As the weather heats up and the season of beaches and swimming pools approaches, fun plans are made, holidays are booked, and events are organized. Alongside these things, however, insecurities can also be brought to the surface.
When the parts of your body normally covered by long sleeves and tights or trousers are marked with old or more recent scars, there is an extra dimension to dressing for summer holidays.
We may spend hot days by the pool desperately seeking shade in jeans and a hoodie, gazing enviously at those relaxing in the sun in shorts.
We may even avoid being outside in nice weather altogether, instead of sticking close to the air conditioning unit. It can be easy to convince ourselves we don’t miss participating in the summer activities. But is it true?
When living behind a disguise, we have to think through every action. Will waving my hands in the air at a festival cause my sleeve to drop? Will getting changed at camp expose the marks on my legs? Will agreeing to this holiday with my friends mean I have to wear a swimsuit in front of them?
I can often allow feeling trapped by my past to influence my decisions in the present. Do those decisions bring joy and life and freedom? Do they help me to connect with the people I love?
We buy into lies and insecurities telling us we will be judged. What if we are seen as weak or known to be the person with issues? What if someone decides we are too broken to invest in anymore?
Well, what if those things do happen?! Realistically, we need to learn to sit with the truth of those possibilities but we also need to weigh the risk. We are not naive enough to think it wouldn’t be painful, but it would be a great loss if the fear of an unlikely possibility actually likely stopped us from living a full life.
Some people may feel uncomfortable with your scars but it’s important to remember what is your responsibility and what isn’t.
You are responsible for your own decisions and others are responsible for their responses.
One response may be to ask lots of questions about your scars and how they came about (either genuinely not realizing the origin or wanting to know more about your self-harm).
It’s so important to be gentle with yourself in this. I know many times I have been taken by surprise at being asked about my scars and not responded in the way I would have liked to. Although sometimes I respond in a measured way to educate them, other times I can be defensive, vague, evasive, or even just lie. Afterwards, I would be deeply disappointed in myself.
However, talking easily about this is a level of vulnerability incredibly difficult to maintain every day.
We wouldn’t expect someone to be ready to talk about their divorce, for example, at any time or in any company. Why then is it different for self-harm scars? Just because something is more visible doesn’t mean it is less painful or an easier conversation topic.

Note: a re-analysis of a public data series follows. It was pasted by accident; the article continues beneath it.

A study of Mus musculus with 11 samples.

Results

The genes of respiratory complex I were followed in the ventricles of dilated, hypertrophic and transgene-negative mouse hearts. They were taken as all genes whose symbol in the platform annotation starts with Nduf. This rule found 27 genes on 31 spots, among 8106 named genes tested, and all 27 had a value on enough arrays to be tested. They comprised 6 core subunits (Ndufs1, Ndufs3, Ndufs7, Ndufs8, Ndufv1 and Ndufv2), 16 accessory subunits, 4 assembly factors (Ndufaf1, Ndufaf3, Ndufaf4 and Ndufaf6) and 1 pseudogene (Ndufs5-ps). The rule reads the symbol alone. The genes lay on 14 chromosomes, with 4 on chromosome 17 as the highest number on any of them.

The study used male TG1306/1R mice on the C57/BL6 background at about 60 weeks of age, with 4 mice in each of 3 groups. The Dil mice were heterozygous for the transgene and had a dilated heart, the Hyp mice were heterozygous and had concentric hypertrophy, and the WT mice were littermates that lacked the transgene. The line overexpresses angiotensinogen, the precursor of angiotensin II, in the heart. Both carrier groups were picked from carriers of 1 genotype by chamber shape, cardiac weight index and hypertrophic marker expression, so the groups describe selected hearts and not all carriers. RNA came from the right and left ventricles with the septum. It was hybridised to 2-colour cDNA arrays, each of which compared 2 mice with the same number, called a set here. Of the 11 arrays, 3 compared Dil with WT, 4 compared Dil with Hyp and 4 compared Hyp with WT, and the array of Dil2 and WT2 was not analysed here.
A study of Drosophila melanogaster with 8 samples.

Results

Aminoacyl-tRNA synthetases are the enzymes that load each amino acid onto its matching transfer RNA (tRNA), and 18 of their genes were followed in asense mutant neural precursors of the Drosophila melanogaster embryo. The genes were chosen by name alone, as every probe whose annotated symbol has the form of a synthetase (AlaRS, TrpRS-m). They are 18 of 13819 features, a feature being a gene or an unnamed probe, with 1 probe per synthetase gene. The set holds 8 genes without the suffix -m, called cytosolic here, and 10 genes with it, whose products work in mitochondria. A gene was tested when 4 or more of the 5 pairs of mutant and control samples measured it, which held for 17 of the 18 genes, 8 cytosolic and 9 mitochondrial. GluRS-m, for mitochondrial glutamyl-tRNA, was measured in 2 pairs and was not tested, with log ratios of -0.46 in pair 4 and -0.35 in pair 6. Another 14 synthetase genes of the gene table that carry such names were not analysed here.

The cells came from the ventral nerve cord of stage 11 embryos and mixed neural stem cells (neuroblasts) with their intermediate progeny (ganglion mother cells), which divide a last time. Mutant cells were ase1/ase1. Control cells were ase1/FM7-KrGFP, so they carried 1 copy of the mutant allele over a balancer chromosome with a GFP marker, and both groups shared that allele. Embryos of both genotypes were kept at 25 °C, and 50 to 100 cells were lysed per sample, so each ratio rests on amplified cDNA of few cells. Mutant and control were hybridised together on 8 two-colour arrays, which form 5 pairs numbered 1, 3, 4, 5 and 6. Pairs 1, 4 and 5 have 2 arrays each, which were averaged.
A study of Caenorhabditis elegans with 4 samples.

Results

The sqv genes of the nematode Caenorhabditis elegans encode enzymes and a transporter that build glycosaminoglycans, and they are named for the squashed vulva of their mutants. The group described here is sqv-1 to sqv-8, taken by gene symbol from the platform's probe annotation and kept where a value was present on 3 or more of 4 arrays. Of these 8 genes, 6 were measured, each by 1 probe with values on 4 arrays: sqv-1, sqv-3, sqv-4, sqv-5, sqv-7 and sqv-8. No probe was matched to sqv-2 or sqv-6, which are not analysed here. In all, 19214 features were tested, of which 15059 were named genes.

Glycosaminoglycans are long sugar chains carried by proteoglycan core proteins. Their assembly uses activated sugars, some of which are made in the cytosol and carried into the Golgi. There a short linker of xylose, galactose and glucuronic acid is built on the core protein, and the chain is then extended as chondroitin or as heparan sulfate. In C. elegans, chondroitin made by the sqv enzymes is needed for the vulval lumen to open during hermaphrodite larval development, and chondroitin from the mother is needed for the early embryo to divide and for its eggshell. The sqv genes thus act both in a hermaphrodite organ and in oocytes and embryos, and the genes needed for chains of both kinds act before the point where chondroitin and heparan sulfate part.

Ultimately, you don’t owe anyone an explanation. Your skin and your story belong to you and you alone.
It used to make me feel vulnerable because the evidence of some of my moments of greatest weakness is written on my body. I was afraid others would see I was not as together as I would like to come across.
The reality, however, is we are all broken, albeit in different ways and there is no shame in our brokenness. We cannot change anything about our past decisions except for the way we choose to perceive them now. These just happen to be the result of one of our coping mechanisms leaving visible and lasting evidence.
The exposure is not in the scars but in what they represent.
Remember, the person for whom your scars have the most meaning is always going to be you. You might glance at your skin and see a map of desperate moments and overwhelming events but others cannot possibly read it in the intimate way you do.
Furthermore, a scar shows repair and regeneration. The Merriam-Webster dictionary describes a scar as “a mark left by the healing of injured tissue.” Your body has worked to restore itself and you have allowed it to happen with nourishing and protection. You should be proud.
As I look at my arms, I try to see my scars as moments where I felt overwhelmed and desperate and yet chose to continue – chose to cope in the only way I believed I could in the moment.
I now know there are other, better ways to manage, but I am learning to be compassionate with the version of me who could see no other response.
I do not condone continuing to use self-harm as a way to cope, but I choose not to be ashamed of my scars. The same decision is there for any of us to take hold of.
Your body is your means of experiencing the world. Its function is not to look a certain way–it is to allow you to interact with your environment. I want to feel the wind in my sea-salty hair and the coolness of my limbs moving through smooth water. I want summer to be a time of genuine joy.
The scars of your past do not have to take away from your future. I survived serious mental illness and I refuse to allow it to dictate how I live the life I wrestled back. I want fullness, freedom, wild joy, and spontaneous interaction, not to be constantly over thinking some marks on my body.